Update on Health Insurance Exchanges: Expert Panel Assesses Progress
Posted by: Quinne Fokes
Below is a summary of the session titled: Scorecard on Health Insurance Exchanges which featured moderator of the session will Larry Levitt, Senior VP, Kaiser Family Foundation and panelists Anthony Wright, Executive Director for Health Access California, the statewide health care consumer advocacy coalition, and Chris Lunt, a seasoned entrepreneur recently recognized by HHS as an Innovation Fellow.
How did we do? “In California, we mostly got it right,” says Anthony Wright, with Chris Lunt agreeing.
Having clear goals which included making enrollment easier and cheaper helped with this success, as did the ability to move ahead quickly with the project instead of spending time debating the value or legality of the Affordable Care Act itself, an unfortunate occurrence in some other states as well as the Federal Government.
Yes, there was a bumpy start. At first the website was slow, not viable on all browsers and lacked a Spanish language version. Keep in mind, however, the scale of health insurance reform in California, home to one eighth of the nation’s population, one seventh of uninsured people and one fourth of the nation’s Medicaid recipients. The results to date exceeded expectations, with surveys thus far indicating 60% or participants found signing up “quick and easy.”
How massive was the technological challenge? California received only two bids for the project because “it couldn’t be done in the timeframe.” When you consider the scale of addressing so many residents, California did well and rose to the challenge using the Get Insured platform, considered the best of the platforms available.
To date we have eight million insured, plus millions more enrolled in Medical and Medicaid. We made the first time experience easier by including a rating system of benefits provided, something you don’t receive with the traditional model of insurance purchasing. Thankfully, people are no longer denied benefits because of pre-existing conditions.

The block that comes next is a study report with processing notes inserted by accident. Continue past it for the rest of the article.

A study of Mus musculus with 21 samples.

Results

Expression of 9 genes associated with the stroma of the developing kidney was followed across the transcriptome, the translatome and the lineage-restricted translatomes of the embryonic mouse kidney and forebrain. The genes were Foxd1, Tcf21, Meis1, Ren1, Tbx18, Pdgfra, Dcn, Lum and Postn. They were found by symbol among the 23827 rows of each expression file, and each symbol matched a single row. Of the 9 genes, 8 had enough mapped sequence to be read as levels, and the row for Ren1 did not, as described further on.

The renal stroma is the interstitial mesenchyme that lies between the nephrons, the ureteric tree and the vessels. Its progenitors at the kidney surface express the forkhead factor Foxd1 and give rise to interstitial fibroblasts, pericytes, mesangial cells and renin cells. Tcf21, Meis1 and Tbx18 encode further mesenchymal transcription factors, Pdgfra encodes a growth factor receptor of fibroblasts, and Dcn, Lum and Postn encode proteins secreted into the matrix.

An additional challenge was the high level of consumer confusion; for example, 52% of Americans don’t know about Exchanges, 42% don’t know what a deductible is, and 33% don’t know subsidies are available. Given these statistics getting people enrolled at all was remarkable.
Unlike paying for items in the consumer space, the flow of dollars for a health insurance product isn’t logical, and first time purchasers have a high learning curve. Interestingly enough, the most typical question received is: What are other people buying?
Eight million is just the beginning, and California is not done yet. Improvements in the works include the California Exchange using its negotiating power to improve coverage, the addition of data about providers and networks becoming available prior to people signing up for a plan, and putting more effort into consumer education.
Are those eight million overwhelming our current health care providers? Not exactly. Some providers say there’s been no change, while others report a 30% increase in demand for physician care. There does however appear to be a pent up demand for prescriptions, primarily for Hepatitis C and HIV medications, and contraceptives. Given that having health insurance is largely about having peace of mind, it comes as no surprise there hasn’t been an overwhelming demand on the providers.